Piper Nancy Frederick plays “Mist Covered Mountains” as Cpl. Nicholas Wells

Piper Nancy Frederick plays “Mist Covered Mountains” as Cpl. Nicholas Wells

Veteran laid to rest at Fort Worden with honors

PORT TOWNSEND — His parents met at the USO club — now the American Legion hall — in Port Townsend after World War II.

He was born at the U.S. Marine Hospital in Seattle and raised on military bases from Washington, D.C., to Port Angeles.

In 1969, he enlisted in the Army, took basic training at Fort Lewis and volunteered for duty in Vietnam.

He also served in Okinawa, Japan, and as a special forces medic in Korea.

In a 22-year military career, he earned a nursing administration degree and a master’s in business administration, and served at military hospitals across the U.S.

On the Monday before Memorial Day, Master Sgt. (Ret.) Duane Quenten Harris was laid to rest at Fort Worden Military Cemetery with full military honors.

The 593rd Sustainment Brigade Honors Team of Joint Base Lewis-McChord, led by Cpl. Nicholas Wells, performed the flag ceremony, gun salute and taps.

Port Townsend piper Nancy Stewart played “Mist-Covered Mountains” for the processional as well as “Amazing Grace” during the graveside service.

Harris’ wife, Lori K. Gibson, said he learned to play the bagpipes while stationed at Fort Gordon in Georgia.

He played “Amazing Grace” at military funerals at Tahoma Veterans Cemetery and was in the Clan Stewart and Tacoma Scots bagpipe bands, she said.

“Duane was very active in his Scottish heritage,” Gibson said.

After retiring from the military in 1990, Harris, as an Oakville resident, attended the Northwest School of Wooden Boatbuilding in Port Hadlock.

He was a volunteer deckhand on the Coast Guard cutter Comanche and a member of the Lake Union Wooden Boat Foundation.

Harris died at his Oakville home on March 11, 2009. He was 60.

His remains were cremated, and a memorial service was held April 6, 2009, at Puget Sound Health Care in Olympia.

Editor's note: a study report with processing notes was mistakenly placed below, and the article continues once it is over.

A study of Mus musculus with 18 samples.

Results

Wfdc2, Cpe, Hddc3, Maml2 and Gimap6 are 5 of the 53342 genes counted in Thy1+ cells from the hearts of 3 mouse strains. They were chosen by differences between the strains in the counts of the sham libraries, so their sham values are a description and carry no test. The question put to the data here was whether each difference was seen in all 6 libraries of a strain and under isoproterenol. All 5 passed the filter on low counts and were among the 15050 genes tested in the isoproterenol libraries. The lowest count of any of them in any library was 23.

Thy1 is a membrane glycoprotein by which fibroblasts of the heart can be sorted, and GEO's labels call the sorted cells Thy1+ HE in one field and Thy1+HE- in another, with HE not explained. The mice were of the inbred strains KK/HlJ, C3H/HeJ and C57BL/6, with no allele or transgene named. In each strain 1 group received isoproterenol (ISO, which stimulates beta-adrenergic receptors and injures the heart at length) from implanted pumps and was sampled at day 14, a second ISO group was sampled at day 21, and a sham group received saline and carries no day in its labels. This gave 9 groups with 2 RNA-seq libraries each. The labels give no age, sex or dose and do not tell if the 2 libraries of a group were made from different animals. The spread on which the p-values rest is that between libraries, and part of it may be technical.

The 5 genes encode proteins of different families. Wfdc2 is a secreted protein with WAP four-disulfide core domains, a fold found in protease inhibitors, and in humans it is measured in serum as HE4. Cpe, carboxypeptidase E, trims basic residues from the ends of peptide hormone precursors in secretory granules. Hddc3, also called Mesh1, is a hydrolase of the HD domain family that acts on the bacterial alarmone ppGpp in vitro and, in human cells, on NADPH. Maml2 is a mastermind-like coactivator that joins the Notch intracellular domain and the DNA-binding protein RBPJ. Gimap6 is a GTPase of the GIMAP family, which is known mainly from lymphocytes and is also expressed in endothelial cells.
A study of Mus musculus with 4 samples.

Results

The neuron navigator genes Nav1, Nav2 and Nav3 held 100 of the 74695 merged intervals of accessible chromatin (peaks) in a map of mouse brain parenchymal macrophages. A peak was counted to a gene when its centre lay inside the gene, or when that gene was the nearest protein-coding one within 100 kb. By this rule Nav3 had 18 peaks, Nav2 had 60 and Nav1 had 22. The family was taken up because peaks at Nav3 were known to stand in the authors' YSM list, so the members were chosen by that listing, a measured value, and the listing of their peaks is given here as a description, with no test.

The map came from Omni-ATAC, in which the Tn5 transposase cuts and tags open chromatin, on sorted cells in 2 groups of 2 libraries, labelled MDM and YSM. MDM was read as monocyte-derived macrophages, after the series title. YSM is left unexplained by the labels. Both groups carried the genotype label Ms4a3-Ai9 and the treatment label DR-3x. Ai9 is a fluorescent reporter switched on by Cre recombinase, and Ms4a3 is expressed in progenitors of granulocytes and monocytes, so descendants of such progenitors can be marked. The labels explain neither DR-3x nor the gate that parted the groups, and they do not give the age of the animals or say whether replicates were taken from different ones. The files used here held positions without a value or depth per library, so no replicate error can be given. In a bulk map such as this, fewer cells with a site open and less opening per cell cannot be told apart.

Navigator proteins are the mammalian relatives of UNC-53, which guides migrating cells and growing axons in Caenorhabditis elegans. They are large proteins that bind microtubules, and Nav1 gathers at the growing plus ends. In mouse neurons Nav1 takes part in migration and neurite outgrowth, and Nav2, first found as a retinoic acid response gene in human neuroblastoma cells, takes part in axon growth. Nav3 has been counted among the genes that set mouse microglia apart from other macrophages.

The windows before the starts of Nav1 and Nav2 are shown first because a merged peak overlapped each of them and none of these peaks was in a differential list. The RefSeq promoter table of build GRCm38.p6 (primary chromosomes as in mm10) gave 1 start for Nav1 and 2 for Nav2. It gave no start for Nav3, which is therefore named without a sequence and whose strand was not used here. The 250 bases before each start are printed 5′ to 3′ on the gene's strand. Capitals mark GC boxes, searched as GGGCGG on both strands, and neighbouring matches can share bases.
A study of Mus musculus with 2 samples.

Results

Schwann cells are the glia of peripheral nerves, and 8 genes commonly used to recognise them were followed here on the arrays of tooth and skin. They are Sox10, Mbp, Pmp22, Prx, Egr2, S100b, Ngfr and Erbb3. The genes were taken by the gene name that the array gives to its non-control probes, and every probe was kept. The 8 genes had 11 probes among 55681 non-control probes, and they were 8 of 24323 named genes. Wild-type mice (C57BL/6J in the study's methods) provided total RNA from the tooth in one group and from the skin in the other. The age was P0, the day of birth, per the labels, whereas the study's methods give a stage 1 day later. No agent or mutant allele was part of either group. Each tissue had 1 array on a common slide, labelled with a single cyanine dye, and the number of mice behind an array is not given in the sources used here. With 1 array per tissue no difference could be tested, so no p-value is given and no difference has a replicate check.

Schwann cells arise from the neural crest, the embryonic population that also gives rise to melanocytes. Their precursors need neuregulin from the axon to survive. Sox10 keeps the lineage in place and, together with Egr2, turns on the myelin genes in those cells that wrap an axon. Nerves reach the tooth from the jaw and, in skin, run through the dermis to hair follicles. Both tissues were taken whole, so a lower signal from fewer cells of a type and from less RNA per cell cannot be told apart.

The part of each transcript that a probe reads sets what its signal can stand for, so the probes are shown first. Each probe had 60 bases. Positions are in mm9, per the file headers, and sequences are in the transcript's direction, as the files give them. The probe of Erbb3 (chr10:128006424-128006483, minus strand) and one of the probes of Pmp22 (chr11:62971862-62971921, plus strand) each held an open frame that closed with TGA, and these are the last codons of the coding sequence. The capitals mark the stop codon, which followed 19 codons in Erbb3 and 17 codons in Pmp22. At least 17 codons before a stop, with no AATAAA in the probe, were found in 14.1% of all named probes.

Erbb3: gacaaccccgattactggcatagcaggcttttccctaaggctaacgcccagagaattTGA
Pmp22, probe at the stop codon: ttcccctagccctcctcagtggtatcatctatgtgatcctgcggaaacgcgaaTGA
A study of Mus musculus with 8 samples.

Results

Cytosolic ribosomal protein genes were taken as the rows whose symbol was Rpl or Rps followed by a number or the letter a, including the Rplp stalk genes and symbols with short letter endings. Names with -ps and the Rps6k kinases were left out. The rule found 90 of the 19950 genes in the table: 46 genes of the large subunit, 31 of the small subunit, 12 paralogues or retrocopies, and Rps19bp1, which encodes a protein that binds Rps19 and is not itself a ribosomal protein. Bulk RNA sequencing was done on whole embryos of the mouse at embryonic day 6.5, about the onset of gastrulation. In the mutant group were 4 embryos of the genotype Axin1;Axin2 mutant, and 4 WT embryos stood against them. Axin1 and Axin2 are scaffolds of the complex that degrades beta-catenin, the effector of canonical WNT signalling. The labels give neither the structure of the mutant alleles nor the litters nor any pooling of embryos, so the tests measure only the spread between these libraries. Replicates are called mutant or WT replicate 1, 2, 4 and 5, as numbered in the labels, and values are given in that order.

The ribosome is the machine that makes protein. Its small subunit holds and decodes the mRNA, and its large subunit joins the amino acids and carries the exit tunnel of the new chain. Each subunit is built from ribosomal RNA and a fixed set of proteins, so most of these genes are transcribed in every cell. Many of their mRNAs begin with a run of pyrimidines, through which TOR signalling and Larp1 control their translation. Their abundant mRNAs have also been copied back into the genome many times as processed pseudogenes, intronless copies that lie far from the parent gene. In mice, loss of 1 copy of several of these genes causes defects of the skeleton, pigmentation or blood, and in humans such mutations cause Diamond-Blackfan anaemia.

Chaplain (Major) Robert Kinnune conducted the funeral service at Fort Worden, talking about Harris’ life and faith.

Harris belonged to the Puyallup Church of the Nazarene, where he was a member of the choir and a gospel quartet.

Chaplain (Capt.) Barry Malone read the 23rd Psalm. Duane’s brother, Coast Guard Lt. Cmdr. (Ret.) J.J. Harris, read a poem.

Also attending the service was Diane Harris Rice, Duane and J.J.’s sister, who was born at the post hospital at Fort Worden.

Their father, Clarence J. Harris, was a career Coast Guardsman who met his future wife, Mary Jean Copper, at the USO in Port Townsend.

Clarence Harris was stationed in Port Townsend from 1946-51, and on the Coast Guard cutter Winona out of the Port Angeles Coast Guard Air Station from 1958-60, J.J. Harris said.

His father was transferred to Juneau, Alaska, where the children spent most of their school years.

Duane Harris graduated from Juneau-Douglas High School and was in the National Guard when he volunteered for active service, his brother said.

According to Gibson, Duane’s motivation for volunteering for combat duty in Vietnam was to prevent his brother, a junior officer, from being sent into a battle zone.

Gibson said the decision for interment at Fort Worden derived from her and Duane’s childhoods as military dependents.

Gibson was born on an Army base in Anchorage, Alaska.

Her father, Chief Warrant Officer Cecil Curtis Gibson, is buried at Arlington National Cemetery.

Cpl. Wells said his honors team, a term he prefers to funeral detail, has conducted 17 services this month.

His job: to instill a passion for the work in his young team, all of whom volunteer for the duty, and to help them stay focused in the face of the family’s grief.

“I have been in the military for nine years and been a part of many of these services,” Wells said.

“They never fail to strike a chord in the heart that will leave a lasting mark.

“I am honored to be able to give the deceased one final military honor and show the family how grateful we are for their loved one’s service to our great country.”

Gibson said when the time comes, she will be buried at Fort Worden Military Cemetery next to her husband.

“Returning to post for both Duane and I gave us a comfortable feeling of being able to go back to where we both felt secure growing up,” Gibson said.

“Safe on base — safe on post.”


Jennifer Jackson is a freelance writer and photographer living in Port Townsend. To contact her, email jjackson@olypen.com.